AMC’s new show Dietland is based on Sarai Walker’s 2015 novel of the same name. And yet, turning the book into a TV show feels more timely than ever in summer 2018. Created by Marti Noxon, Dietland tackles body positivity as well as toxic masculinity and the impulse toward vigilante justice.
If that sounds like a lot to take in, well, it is. The hero of the show, Plum Kettle, played by Joy Nash, is a ghostwriter for a magazine editor’s advice column at a women’s title, Daisy Chain. But don’t expect any Devil Wears Prada vibes here — Plum’s job is just the tip of the iceberg for the show’s plot.
A show about a plus-size writer learning to love her body while working in the fashion industry would be inspirational in its own right. But it’s just one of many story lines Dietland weaves together. In the premiere episodes, Plum meets an interesting duo who work the beauty closet of Daisy Chain’s publisher. One of them, Leeta, encourages her to meet a body-positive thought leader, Verena, whose mother’s diet regimen Plum followed in the past. There’s definitely a lot more than lipstick recommendations going on in this beauty closet — think corporate hacking — but that’s still not the weirdest plot point in the show.
The overarching mystery of Dietland, at least in the first three episodes, isn’t with Plum’s publisher at all. Instead, there are spliced-in scenes showing dead men’s bodies being dropped out of windows and uncovered at morgues. This is the work of a rogue network known as Jennifer, a group that apparently seeks to punish men guilty of sexual misconduct by death. In the show’s third episode, it’s revealed that Jennifer has killed 12 men, after making them read statements about their alleged misconduct and why they “deserve to die.”
Of course, Dietland is hardly condoning violence and revenge. A trailer for future episodes shows others being concerned that Plum appears to feel sympathy for Jennifer’s cause. Still, the show comes at a time when many viewers might feel tinges of understanding for the Jennifer activists — their motives, if not their actions. In the wake of the #MeToo movement and revelations of widespread sexual harassment, it’s not hard to imagine why radical activists would go to such lengths. In fact, in an interview with The Wrap, Noxon called the show’s revenge premise “the next extension of the Me Too movement.”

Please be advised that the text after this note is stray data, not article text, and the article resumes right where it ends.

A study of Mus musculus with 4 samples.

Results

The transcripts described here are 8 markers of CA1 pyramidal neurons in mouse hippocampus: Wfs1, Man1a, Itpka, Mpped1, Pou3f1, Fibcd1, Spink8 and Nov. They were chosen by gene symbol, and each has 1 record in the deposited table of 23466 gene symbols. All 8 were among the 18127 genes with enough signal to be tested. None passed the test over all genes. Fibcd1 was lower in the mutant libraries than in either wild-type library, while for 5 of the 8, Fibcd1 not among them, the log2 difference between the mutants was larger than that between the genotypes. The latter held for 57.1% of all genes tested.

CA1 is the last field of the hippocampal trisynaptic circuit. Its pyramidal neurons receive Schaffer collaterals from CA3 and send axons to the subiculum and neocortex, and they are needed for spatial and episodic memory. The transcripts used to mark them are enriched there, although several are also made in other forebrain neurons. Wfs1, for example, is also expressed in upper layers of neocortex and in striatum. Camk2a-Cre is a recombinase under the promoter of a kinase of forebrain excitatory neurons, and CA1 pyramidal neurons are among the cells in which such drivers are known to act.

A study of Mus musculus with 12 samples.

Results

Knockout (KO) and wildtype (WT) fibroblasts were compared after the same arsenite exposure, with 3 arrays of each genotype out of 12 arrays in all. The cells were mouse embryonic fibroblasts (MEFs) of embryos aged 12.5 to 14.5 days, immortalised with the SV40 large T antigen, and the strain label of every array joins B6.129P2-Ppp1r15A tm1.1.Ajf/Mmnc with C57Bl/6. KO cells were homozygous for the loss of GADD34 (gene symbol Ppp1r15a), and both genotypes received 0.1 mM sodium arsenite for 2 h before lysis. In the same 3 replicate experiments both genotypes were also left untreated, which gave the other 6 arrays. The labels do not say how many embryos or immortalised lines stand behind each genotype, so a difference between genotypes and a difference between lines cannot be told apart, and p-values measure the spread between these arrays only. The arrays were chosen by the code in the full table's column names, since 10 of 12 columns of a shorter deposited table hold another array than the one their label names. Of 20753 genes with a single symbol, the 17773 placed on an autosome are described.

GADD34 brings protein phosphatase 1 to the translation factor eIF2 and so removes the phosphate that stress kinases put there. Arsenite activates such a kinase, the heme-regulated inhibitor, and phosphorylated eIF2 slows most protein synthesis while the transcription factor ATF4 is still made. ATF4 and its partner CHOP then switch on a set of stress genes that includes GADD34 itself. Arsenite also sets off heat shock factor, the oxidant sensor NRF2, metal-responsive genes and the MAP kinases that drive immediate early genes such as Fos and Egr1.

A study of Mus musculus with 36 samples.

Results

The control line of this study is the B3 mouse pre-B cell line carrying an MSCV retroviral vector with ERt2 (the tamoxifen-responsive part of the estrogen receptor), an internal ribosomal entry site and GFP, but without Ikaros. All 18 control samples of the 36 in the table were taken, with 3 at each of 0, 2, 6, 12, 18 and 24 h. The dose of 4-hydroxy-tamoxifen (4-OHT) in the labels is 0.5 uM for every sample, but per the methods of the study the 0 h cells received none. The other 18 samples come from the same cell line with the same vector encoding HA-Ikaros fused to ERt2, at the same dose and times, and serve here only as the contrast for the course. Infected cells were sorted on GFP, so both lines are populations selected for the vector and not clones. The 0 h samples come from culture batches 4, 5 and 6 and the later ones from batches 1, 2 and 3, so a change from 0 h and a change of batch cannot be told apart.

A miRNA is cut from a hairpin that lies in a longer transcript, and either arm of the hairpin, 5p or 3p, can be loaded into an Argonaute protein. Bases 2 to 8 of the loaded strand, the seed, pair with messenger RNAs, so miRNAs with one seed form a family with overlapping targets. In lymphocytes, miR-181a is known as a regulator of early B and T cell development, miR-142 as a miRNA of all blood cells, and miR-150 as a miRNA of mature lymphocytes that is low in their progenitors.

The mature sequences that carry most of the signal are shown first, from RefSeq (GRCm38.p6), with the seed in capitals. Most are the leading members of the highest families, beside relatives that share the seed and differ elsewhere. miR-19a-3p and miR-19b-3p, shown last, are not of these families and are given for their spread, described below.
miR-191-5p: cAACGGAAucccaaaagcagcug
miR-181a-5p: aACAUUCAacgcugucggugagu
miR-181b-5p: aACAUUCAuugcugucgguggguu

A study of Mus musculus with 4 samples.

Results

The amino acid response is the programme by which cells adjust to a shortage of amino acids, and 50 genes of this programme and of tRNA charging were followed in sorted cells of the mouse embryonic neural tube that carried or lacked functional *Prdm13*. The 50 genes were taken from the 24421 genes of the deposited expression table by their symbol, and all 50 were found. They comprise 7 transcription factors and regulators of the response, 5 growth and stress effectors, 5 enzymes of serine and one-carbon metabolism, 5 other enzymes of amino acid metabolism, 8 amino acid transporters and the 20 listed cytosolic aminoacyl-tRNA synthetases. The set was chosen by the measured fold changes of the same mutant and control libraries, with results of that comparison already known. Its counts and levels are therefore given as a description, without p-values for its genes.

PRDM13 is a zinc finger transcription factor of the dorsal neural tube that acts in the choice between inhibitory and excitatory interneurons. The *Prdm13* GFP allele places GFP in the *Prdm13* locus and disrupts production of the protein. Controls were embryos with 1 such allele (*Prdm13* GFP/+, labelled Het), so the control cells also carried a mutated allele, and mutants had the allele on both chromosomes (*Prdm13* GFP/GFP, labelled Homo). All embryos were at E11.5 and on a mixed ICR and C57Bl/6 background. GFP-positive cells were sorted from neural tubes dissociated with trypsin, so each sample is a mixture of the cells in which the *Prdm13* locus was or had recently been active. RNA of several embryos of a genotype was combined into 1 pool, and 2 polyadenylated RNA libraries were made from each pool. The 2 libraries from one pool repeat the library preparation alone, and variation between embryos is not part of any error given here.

And when the Jennifer-inspired scenes come in between conversations about sexism, like women being judged for their age, or husbands not wanting their wives to work, it’s easy to conceive of more than one of the main characters being involved with Jennifer. When Plum’s magazine boss, Kitty (played by Julianna Margulies), talks about sexism, it seems possible that even she could be involved with the vigilante group (a move that would go against the company that employs her, which has provided legal defense money to at least one person accused of rape). “Jennifer won’t stop until they free women from oppression. And that will never happen. Men would rather destroy the world than have us rule it,” Kitty says in the third episode. At its face, her statement is a criticism of Jennifer, but it’s also a critique of the conditions that led the activist group to embark on this mission in the first place.
Obviously, there’s a world of difference between Plum learning her worth and vigilante killings in the name of revenge. Still, the show looks like it will be way more thought-provoking than standard summer fare. And it’s a good reminder for women to stand up for themselves, whether that’s in the workplace or in their personal relationships.